The slides used for this session are available to download from here.
One of the biggest challenges for design in agile teams is fitting design work into the sprint. The need to estimate design effort clashes with the creative, uncertain nature of discovery through design. But there is a tool that can help us understand the nature of the requirements we face, guide our problem-solving and give confident, consistent estimates to the team. This session is an introduction to Cynefin - what it is, how to use it, and why it's not pronounced the way you think it is.
Cynefin is a powerful framework for identifying and addressing complexity, and by understanding it, designers (and specifically UXers) can gain confidence in the way they approach design challenges and communicate them to the team.
I'll introduce the 5 domains of Cynefin one by one, explaining how to identify which design scenarios fit into each, and then introducing techniques for approaching each domain. I'll also show you language from Cynefin that you can use to seed into your teams to share understanding of design complexity.
By the end of the session, you'll have learnt practical skills for breaking down, assessing and estimating the complexity of design tasks and feeding them into the sprint according to t-shirt sizing. You'll also learn which design tasks should never be fed into the sprint and how to make the case for keeping them out. This will also help you establish the holy grail of agile product design, the dual-track sprint process (which I'll talk about towards the end of the session).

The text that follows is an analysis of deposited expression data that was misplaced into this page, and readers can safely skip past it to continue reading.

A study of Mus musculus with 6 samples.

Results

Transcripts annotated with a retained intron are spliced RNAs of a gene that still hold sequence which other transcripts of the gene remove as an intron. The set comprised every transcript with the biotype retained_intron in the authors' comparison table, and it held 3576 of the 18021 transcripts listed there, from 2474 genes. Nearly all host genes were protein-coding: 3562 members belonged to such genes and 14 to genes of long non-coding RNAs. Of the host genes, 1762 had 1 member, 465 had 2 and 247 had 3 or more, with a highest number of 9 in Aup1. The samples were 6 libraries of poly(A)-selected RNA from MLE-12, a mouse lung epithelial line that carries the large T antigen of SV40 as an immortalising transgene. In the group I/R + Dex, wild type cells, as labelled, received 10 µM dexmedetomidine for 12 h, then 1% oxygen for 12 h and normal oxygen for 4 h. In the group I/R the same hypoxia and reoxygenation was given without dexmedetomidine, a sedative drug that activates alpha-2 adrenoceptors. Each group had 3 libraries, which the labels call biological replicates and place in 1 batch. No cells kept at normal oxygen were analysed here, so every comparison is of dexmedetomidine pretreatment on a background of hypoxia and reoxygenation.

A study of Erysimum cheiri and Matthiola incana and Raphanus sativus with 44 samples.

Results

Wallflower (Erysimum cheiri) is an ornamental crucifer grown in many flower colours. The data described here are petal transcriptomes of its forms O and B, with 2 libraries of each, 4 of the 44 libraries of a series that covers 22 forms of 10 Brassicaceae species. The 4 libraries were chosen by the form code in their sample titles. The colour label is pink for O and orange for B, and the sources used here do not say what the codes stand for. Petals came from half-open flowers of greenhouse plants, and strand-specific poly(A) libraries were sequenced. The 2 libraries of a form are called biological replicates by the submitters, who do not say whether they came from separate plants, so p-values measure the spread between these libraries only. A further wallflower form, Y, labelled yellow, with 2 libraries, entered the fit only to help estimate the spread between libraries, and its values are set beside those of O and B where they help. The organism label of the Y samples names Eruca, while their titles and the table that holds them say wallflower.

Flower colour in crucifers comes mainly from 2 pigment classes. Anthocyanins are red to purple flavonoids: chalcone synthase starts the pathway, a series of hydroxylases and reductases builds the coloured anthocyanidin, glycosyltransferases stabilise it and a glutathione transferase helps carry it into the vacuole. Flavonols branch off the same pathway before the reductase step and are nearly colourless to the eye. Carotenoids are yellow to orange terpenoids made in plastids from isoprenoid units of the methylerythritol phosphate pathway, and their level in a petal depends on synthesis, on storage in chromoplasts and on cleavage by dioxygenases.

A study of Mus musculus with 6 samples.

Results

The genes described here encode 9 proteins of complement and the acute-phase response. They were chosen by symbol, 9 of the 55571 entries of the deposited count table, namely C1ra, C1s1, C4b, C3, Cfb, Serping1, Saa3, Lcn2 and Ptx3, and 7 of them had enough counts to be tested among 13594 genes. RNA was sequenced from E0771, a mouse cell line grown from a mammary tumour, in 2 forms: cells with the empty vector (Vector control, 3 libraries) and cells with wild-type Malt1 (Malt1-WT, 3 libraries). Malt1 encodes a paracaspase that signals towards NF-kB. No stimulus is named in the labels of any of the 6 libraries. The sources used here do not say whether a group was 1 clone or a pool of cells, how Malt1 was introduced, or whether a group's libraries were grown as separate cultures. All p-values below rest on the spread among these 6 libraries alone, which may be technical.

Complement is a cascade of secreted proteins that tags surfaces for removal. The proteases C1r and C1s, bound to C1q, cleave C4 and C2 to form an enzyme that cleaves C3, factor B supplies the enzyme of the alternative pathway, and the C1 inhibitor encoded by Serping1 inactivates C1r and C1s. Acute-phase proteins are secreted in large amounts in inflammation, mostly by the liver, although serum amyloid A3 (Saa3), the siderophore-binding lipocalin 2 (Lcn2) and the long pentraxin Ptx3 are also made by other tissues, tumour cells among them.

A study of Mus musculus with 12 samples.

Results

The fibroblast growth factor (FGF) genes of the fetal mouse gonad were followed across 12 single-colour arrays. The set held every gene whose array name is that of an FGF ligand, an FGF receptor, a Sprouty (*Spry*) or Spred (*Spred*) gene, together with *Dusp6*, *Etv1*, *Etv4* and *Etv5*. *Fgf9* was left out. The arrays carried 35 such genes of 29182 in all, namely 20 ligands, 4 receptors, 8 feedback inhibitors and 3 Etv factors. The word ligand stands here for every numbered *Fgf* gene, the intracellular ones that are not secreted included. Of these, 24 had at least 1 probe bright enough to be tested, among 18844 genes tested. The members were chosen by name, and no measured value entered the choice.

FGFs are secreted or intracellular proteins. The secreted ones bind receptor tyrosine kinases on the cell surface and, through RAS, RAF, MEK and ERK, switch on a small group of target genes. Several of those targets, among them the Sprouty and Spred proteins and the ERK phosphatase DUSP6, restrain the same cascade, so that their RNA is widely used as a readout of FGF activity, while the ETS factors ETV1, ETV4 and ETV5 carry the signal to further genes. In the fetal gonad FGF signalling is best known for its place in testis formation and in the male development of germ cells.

As an introductory session to a largely abstract framework, the tutorial will give you the chance to participate. Having explained a domain, I'll ask people to provide examples of requirements that fit into it, and then we'll discuss those suggestions.
James has spent much of his career as a freelancer, working with over 30 teams to produce new products and services for clients such as Disney, Channel 4, Aardman Animations, ThoughtWorks, AutoTrader and Royal Mail. He has spent the last 6 years of his career specifically working on UX enablement and organisational change and has particular awareness of the importance of communication and the need to bring non-creative colleagues along on the journey. He regularly speaks about UX and related topics.